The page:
Things have been kind of quiet recently here in Rebgong, what with our school not starting until the 16th (others, of course, having already begun) and with the repeated dousings of snow causing the majority of locals to stay inside, drinking tea by the warmth of their stoves. As I unfortunately have no stove, I am instead forced to bundle up to work in my apartment – yes, it can be that cold – or bundle up and go outside.
Which is not at all a bad option, despite the recent unusual lack of bluesky days. Typically, winters in Qinghai are dry and bonechillingly cold; temperatures in the negative twenties (celsius), frigid winds sweeping off the high grasslands at high velocity, and a near-complete lack of snow create a powerful incentive to escape to anywhere else. But this winter nonetheless has a redeeming feature. There is nothing like the profoundly deep blueness of a plateau sky, a blue that – for us marooned in the deep interior of a vast continent – is the only substitute for the unimaginably distant ocean. These days are so common in winter that last December I found myself wishing for even the faintest suggestion of cloud to provide variety – and to give my facial muscles a break from endlessly squinting through my ten-kuai sunglasses, whose paint-on “UV protection” was scratched off within a week or two.
On these flawless subzero days, when everything appears in almost painfully sharp focus, as if cut by the sterile knife of some surgeon or ruthless logician or scientist, who, in his search for truth, or at least his search for something interesting to do, scalpeled everything in the world into perfection in a relentless attempt to make every speck of reality match those archetypal images of reality lodged in our imaginations – on such days I leave everything behind and start my way uphill. Heading on foot for the distant heights, which in the unimaginably clear air appear to be within arm’s reach, I clear my thoughts and let the sharp air blow the quotidian out of my head. On these days, with the harsh blue skies revealing everything around me in its natural perfection, I can actually feel – maybe even hear – myself think. While running, or walking, or simply ambling relaxedly along the mountainside, I can allow myself the luxury of thinking without consequence or even without result, following chains of ideas simply out of the pleasure of discovery, with no deadlines, no required conclusions, no pressure or expectations of anything, really – a pleasure of discovery no different from that, and in fact the internal counterpart to, the mountain wandering itself.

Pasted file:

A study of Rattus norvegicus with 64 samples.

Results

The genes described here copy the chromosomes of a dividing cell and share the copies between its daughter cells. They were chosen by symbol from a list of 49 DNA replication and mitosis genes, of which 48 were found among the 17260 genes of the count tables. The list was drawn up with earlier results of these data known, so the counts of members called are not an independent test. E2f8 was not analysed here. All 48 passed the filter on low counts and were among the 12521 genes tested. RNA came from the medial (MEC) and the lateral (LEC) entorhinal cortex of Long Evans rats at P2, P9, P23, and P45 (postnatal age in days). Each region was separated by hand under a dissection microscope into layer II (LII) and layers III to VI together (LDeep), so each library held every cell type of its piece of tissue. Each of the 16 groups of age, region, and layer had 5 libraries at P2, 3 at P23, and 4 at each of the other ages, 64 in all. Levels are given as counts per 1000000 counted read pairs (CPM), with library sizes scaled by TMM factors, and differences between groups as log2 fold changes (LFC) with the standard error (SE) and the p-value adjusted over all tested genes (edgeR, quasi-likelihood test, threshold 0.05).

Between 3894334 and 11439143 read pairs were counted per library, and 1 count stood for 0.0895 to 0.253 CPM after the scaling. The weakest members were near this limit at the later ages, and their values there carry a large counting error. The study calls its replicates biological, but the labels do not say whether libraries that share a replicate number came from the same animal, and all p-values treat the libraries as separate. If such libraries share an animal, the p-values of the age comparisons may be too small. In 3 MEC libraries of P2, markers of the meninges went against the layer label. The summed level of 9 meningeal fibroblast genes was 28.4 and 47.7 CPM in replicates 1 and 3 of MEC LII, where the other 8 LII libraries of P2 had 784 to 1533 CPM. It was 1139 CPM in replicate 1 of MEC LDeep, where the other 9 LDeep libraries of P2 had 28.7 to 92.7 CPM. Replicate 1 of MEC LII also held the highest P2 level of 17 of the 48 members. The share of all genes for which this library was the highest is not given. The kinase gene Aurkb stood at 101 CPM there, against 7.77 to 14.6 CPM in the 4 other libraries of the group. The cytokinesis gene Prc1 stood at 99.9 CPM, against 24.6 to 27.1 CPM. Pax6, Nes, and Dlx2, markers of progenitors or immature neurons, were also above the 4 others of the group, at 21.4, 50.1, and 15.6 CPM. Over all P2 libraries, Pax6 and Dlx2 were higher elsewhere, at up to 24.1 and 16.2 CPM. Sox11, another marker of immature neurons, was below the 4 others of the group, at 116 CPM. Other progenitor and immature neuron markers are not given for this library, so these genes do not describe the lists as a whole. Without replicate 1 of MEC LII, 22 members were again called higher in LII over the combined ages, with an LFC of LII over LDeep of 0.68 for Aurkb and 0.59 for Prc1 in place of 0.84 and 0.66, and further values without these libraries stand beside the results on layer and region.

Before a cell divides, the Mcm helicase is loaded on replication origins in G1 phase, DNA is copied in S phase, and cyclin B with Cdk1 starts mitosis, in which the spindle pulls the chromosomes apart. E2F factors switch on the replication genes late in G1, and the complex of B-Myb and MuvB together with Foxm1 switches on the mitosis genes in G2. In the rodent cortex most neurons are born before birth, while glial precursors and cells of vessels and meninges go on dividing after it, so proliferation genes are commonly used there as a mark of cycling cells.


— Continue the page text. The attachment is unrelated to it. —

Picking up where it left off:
Recently, though, I’ve been feeling enclosed; the surprising lack of this harshly perfect weather has kept me closer to the valley, and my thoughts have correspondingly been less adventurous and strayed less far from home. But this morning dawned brilliantly clear, one of those sublimely, mercilessly beautiful days, and I ran excitedly outdoors as if called by the piper’s flute. Returning from my run, I felt more relaxed than I’d been in days (which, not to take away from the message or to digress too far, was also due to my eventual success – after nearly a week of attempts, numerous visits to the bank and the bookstore, and countless hours on the phone with Chinese companies – in buying seventy dictionaries for our kids. Really, you wouldn’t think it would be that hard, but there is an established system in place in China to prevent you from doing just that) – more relaxed and ready to actually begin working again after an all-too-long holiday. Which, my mind cleared by the scalpels of the bright, fresh, air, is what I did.
Extra Credit Note:On the subject of the abovementioned “work” – I have begun the actual writing of the long-planned textbook for our third-year students. If anyone out there has some really excellent grammar resources, I would greatly appreciate if you could let me know/send them to me via email!